The recipients of this year’s Department of Conservation Inland Otago Conservation Awards have been announced.

A group battling wilding pines in the Wakatipu, a hut warden who greatly enhances the visitor experience in Mount Aspiring National Park, and a group of young people who have boosted conservation in Central Otago are the recipients of this year’s Department of Conservation Inland Otago Conservation Awards.

The passion and dedication of all of the finalists is a true reflection of the 2011 Conservation Week theme, ‘Love New Zealand’ and on Thursday night (September 15), the Department of Conservation acknowledged this commitment at the annual Inland Otago Conservation Awards in Cromwell.

DOC Otago Conservator Marian van der Goes said the awards recognise the "can do" and “hands on” attitude of volunteers who are willing to go the extra mile for conservation.

"The commitment of these conservation champions is even more valuable with people being so time-poor and having so many other interests competing for their attention nowadays. DOC and the community appreciate the time and effort volunteers put into helping enhance and protect our natural and historic heritage - they are a great inspiration to us all," Ms van der Goes said.

She said the quality of the award finalists was again outstanding, making it difficult for the judging panel for select just one winner.

This year’s award recipients are:

Winner: Wakatipu Wilding Conifer Control Group

The Wakatipu Wilding Conifer Control Group is fighting a difficult battle to save Wakatipu’s iconic landscapes. The cost of controlling wilding trees is growing as rapidly as the trees so the group is uniting people to stop the rampant wilding conifer spread and preserve the Wakatipu’s stunning landscapes for current and future generations to enjoy.

The group’s 55 volunteers have been tackling the problem head on. They hold at least two weekends of volunteer days a year and have created an ‘Adopt a Hectare’ scheme. This involves local businesses adopting an area and contributing towards control work in that location. One business has pledged $50,000 annually to the cause.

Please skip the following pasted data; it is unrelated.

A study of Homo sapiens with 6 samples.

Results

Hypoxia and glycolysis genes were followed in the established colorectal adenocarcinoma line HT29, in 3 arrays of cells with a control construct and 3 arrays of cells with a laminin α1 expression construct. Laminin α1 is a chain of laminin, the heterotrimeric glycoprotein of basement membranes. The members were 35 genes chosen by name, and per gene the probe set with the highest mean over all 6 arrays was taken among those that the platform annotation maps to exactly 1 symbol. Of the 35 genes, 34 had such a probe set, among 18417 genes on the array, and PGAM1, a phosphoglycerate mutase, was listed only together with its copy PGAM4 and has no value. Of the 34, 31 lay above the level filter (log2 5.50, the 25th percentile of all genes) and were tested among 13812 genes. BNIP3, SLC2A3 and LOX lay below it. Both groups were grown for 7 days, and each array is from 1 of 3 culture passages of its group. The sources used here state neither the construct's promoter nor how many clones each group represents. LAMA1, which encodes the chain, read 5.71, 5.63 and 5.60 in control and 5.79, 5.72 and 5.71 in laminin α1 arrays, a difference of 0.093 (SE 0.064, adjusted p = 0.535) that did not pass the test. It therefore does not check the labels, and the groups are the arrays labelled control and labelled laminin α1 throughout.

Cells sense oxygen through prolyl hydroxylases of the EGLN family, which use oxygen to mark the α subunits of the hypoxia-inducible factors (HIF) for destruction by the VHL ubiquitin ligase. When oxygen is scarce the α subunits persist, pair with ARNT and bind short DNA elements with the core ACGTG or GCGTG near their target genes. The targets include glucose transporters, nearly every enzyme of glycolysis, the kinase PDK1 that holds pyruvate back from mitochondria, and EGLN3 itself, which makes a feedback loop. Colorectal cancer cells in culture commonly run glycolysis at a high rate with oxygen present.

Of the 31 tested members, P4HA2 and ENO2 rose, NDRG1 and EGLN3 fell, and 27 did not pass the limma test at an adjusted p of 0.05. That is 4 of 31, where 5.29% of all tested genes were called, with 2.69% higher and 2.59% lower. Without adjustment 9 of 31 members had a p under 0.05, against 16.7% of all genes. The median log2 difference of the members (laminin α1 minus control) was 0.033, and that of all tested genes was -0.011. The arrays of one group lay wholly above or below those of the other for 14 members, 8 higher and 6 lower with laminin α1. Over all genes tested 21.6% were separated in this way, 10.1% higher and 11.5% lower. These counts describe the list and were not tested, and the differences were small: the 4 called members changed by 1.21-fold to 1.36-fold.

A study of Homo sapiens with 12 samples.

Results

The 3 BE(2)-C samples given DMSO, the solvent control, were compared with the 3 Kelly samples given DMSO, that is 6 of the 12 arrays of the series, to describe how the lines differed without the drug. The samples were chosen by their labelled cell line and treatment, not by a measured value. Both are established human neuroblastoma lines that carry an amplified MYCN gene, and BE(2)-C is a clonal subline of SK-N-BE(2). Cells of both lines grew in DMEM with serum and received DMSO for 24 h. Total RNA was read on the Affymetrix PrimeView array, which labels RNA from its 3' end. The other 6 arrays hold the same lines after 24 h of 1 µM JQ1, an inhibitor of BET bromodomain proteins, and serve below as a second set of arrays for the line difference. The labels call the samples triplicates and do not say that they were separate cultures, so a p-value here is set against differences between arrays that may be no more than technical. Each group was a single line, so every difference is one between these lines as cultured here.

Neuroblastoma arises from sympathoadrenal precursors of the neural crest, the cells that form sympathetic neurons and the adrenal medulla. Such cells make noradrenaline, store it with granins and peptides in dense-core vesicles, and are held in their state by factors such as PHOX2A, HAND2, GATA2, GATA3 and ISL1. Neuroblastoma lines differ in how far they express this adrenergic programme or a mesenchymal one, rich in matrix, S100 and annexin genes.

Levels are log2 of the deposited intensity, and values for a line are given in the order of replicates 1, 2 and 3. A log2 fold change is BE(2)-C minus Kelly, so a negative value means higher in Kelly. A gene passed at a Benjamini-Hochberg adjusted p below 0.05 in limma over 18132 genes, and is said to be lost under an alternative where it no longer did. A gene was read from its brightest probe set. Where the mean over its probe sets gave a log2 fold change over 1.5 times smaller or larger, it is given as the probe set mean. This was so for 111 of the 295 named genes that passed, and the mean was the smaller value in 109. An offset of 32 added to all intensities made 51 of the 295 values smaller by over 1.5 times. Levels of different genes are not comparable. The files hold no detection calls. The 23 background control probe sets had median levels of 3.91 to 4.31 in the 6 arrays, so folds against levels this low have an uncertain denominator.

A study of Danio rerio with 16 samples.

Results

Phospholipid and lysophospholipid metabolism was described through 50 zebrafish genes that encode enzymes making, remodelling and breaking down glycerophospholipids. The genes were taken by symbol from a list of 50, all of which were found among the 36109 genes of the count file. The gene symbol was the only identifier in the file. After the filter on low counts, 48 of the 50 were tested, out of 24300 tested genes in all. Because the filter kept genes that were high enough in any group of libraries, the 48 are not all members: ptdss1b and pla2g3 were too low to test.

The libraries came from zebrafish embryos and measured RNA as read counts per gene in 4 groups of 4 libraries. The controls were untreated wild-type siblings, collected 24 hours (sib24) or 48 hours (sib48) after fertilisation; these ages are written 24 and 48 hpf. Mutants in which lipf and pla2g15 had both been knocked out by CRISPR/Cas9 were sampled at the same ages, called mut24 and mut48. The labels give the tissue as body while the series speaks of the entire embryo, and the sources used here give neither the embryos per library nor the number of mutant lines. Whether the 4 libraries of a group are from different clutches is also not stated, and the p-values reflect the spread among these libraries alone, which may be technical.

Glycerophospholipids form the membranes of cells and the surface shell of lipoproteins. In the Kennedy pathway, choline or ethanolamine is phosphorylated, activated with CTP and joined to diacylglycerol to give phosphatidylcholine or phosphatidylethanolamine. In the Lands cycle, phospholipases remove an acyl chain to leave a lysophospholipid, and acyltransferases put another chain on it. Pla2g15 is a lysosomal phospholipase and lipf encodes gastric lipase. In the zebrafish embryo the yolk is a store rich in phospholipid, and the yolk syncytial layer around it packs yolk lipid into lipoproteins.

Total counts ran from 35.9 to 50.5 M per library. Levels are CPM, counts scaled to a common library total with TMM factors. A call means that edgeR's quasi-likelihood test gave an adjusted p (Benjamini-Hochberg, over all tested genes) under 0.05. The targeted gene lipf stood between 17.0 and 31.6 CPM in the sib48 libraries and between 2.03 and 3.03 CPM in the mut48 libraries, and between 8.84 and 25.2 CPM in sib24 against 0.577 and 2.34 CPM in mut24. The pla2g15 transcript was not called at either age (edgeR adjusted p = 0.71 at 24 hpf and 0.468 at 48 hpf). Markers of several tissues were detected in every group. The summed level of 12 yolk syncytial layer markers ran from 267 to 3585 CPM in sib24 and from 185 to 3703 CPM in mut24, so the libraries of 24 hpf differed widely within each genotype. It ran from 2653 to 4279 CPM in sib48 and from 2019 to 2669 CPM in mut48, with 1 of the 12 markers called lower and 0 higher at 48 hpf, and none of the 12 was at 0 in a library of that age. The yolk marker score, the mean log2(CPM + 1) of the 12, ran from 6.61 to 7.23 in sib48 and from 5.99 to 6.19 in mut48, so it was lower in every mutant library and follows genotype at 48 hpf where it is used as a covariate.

Schools are also participating and the group works closely with landowners, encouraging them to contribute to wilding removal. It has a comprehensive working project and is making significant inroads into preserving a wonderful natural heritage.

Runner-up: Graeme Harford

Graeme Harford of Dunedin has volunteered as a warden at the Aspiring and Siberia huts in Mount Aspiring National Park every summer for the past 19 years. During the 3000 hours of volunteering he’s willingly given to DOC, he has turned the visitor experience into something memorable and special.

Graeme has passed on to thousands of travellers his enthusiasm for conservation and extensive knowledge of the park’s flora, fauna and history. He has helped trampers and mountaineers with injuries and arranged medical evacuations, his calm and methodical approach ensuring these stressful events were dealt with efficiently.

Runner-up: Malcam Charitable Trust: Conservation Corps

The time and energy given by the Malcam Charitable Trust’s Conservation Corps programme has meant an impressive array of Central Otago projects have been achieved over the past 13 years.

These enthusiastic young people have developed skills and built up confidence by helping DOC develop and maintain amenity areas, historic sites and tracks. They’ve planted trees, weeded, gathered seeds, put in and removed fences and installed signs. Their work is greatly valued by DOC and the community and is an important additional resource for the department.